Historical Sultan Ibrahim tomb damaged during rehabilitation work
THATTA: A team of archaeologists, heritage lovers, historians and other experts will be set up soon to hold an inquiry into the alleged mishandling of the restoration and rehabilitation of the 424-year-old tomb of Mir Sultan Ibrahim (1556-1592 AD) — a ruler of the Turkhan dynasty — at the Makli necropolis, archaeology director Qasim Ali Qasim said while speaking to Dawn on Tuesday.
“It would be a comprehensive probe covering all aspects of the alleged mishandling of the monument by unqualified professionals, unskilled labour and substandard material that has led to damage to the tomb,” he said.
Mr Qasim acknowledged receipt of a letter on Feb 16 from former culture secretary Hameed Akhund, who heads the Endowment Fund Trust for Preservation of Heritage of Sindh, and said it served to timely apprise the department of the alleged damage to the site.
An inquiry team was promptly set up and it would hopefully start its job very soon, he said. He said that after coming to know about the concern expressed by experts and history aficionados, a Unesco team visited the site on Feb 20 and was preparing its report.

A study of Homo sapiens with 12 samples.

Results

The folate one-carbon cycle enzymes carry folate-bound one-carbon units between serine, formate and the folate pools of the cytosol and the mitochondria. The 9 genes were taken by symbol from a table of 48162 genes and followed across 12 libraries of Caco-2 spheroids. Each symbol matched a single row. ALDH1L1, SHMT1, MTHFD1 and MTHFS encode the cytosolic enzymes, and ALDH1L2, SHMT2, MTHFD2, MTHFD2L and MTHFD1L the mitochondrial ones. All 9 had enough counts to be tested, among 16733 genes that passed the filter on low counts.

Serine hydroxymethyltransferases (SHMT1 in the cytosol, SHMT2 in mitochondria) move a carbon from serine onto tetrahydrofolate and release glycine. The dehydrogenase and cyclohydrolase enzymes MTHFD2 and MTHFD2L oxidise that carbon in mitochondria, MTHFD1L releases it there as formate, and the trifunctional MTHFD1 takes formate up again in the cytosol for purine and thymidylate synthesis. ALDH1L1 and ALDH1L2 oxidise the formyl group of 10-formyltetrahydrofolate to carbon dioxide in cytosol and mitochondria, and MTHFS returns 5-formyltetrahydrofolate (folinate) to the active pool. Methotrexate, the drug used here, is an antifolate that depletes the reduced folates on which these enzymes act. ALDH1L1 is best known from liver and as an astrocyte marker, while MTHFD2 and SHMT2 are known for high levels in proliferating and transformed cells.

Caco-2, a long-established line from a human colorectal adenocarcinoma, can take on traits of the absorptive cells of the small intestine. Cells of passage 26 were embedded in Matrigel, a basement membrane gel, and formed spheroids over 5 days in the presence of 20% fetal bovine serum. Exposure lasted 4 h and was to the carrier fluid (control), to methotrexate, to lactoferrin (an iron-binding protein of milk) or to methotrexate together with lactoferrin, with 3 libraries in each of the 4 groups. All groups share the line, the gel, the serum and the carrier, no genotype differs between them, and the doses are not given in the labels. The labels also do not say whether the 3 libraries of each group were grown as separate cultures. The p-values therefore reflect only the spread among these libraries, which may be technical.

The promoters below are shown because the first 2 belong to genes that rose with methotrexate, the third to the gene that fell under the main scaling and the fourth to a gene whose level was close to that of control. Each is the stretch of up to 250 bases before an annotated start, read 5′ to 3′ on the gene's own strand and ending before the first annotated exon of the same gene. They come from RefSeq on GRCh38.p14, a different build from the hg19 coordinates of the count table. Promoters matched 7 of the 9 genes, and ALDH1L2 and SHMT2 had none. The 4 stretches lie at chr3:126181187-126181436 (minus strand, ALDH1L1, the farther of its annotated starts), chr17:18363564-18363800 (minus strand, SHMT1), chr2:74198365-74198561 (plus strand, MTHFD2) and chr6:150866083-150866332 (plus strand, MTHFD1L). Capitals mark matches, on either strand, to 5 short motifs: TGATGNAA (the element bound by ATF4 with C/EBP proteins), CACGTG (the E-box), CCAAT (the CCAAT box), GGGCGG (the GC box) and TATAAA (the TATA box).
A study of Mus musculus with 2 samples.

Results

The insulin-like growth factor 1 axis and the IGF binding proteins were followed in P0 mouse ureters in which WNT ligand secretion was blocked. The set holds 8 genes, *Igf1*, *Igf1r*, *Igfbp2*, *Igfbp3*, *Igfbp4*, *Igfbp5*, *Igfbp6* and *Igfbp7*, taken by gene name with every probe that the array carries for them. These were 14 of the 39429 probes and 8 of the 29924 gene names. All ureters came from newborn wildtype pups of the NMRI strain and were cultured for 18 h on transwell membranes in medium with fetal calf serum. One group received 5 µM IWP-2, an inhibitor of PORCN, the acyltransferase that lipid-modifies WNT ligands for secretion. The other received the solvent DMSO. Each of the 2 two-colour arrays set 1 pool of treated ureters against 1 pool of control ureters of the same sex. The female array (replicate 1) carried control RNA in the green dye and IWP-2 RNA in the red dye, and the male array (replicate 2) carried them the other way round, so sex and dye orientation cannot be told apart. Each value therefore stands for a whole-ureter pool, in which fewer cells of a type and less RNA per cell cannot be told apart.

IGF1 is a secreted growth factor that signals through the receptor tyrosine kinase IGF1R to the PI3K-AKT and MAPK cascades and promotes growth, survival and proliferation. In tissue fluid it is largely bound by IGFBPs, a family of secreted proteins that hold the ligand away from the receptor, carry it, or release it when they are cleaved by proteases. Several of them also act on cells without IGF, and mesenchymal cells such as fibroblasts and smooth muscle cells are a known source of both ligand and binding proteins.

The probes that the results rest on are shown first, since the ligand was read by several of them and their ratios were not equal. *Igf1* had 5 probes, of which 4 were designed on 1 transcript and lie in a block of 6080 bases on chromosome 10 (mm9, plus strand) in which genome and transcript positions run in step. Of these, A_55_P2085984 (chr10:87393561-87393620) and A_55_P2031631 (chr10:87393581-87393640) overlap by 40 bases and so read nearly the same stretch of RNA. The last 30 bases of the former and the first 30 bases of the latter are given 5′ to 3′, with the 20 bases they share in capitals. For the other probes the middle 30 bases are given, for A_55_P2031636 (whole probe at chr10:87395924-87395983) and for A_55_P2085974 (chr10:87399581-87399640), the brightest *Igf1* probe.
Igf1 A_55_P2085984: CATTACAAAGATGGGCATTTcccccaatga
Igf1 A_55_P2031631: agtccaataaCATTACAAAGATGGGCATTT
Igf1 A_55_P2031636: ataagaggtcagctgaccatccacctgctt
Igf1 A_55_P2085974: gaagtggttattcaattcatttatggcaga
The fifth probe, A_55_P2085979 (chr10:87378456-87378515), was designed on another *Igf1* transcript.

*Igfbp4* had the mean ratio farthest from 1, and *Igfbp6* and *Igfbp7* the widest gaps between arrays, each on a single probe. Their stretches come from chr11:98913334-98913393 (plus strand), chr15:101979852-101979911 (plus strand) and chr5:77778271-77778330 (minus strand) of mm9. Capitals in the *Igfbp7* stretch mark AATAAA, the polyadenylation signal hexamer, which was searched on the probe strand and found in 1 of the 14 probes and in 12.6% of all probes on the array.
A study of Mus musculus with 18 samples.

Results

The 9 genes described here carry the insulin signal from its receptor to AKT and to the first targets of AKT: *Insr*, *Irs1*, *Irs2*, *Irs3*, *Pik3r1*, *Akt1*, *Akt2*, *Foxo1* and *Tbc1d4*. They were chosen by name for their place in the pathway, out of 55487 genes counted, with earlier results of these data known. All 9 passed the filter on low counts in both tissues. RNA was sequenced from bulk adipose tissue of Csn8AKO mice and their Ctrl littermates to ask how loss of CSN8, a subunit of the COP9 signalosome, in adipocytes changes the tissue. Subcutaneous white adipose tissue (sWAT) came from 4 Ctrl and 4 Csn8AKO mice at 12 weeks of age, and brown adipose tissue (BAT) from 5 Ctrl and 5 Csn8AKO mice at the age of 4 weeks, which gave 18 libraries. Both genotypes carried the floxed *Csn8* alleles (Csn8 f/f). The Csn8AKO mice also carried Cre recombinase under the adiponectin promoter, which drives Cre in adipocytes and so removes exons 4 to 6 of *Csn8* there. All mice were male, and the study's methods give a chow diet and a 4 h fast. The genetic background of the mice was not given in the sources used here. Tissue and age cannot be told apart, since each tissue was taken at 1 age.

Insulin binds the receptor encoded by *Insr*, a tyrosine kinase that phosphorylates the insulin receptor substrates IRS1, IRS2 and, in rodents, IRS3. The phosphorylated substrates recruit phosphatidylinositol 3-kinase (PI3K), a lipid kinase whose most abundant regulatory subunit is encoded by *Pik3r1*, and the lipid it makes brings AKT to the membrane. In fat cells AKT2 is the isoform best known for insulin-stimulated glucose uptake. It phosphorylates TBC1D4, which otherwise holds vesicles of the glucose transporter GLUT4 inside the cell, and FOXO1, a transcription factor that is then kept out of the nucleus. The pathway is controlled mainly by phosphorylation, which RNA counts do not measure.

An amount of $260,000 was earmarked out of the ‘Ambassador’s Fund for Culture Preservation’ (AFCP) and the launch of this first heritage preservation project in Sindh was held on Sept 16, 2014.
The project was inaugurated by the then US Ambassador, Richard G. Olson, at the ceremony which was also attended by US Consul General at Karachi Brian Heath, Sindh Minister for Culture Sharmila Farooqui and Yasmeen Lari of the Heritage Foundation of Pakistan, as well as senior officials of relevant departments and members of civil society organisations. Meanwhile, Mr Akhund confirmed that the archaeology department in response to his letter acknowledged that the dome of the Sultan Ibrahim tomb had been damaged by M/s Heritage Foundation.
He said that Archaeology Director Qasim Ali Qasim in his official communication dated Feb 16 also informed him that necessary action to fix responsibility was under way and that the matter had been reported to the minister for culture, as well as the secretary and the adviser to the chief minister.
Mr Akhund alleged that the restoration and rehabilitation work had been carried out by unskilled labour and unqualified professions.
He said the mishandling and inappropriate methods employed by them caused cracks in the dome. Its outer layers also peeled off, he added.
The Heritage Foundation, he claimed, did not even produce its restoration and rehabilitation plan to the culture or archaeology department.
Other historians and experts including Dr Mohammad Ali Manjhi, Sadiq Lakho, Ahmed Memon, Allah Juriyo Burfat and Ramzan Memon also expressed their concern over the damage caused to the monument.
Heritage Foundation focal person Yasmeen Lari could not be approached for her comment despite repeated attempts by this reporter.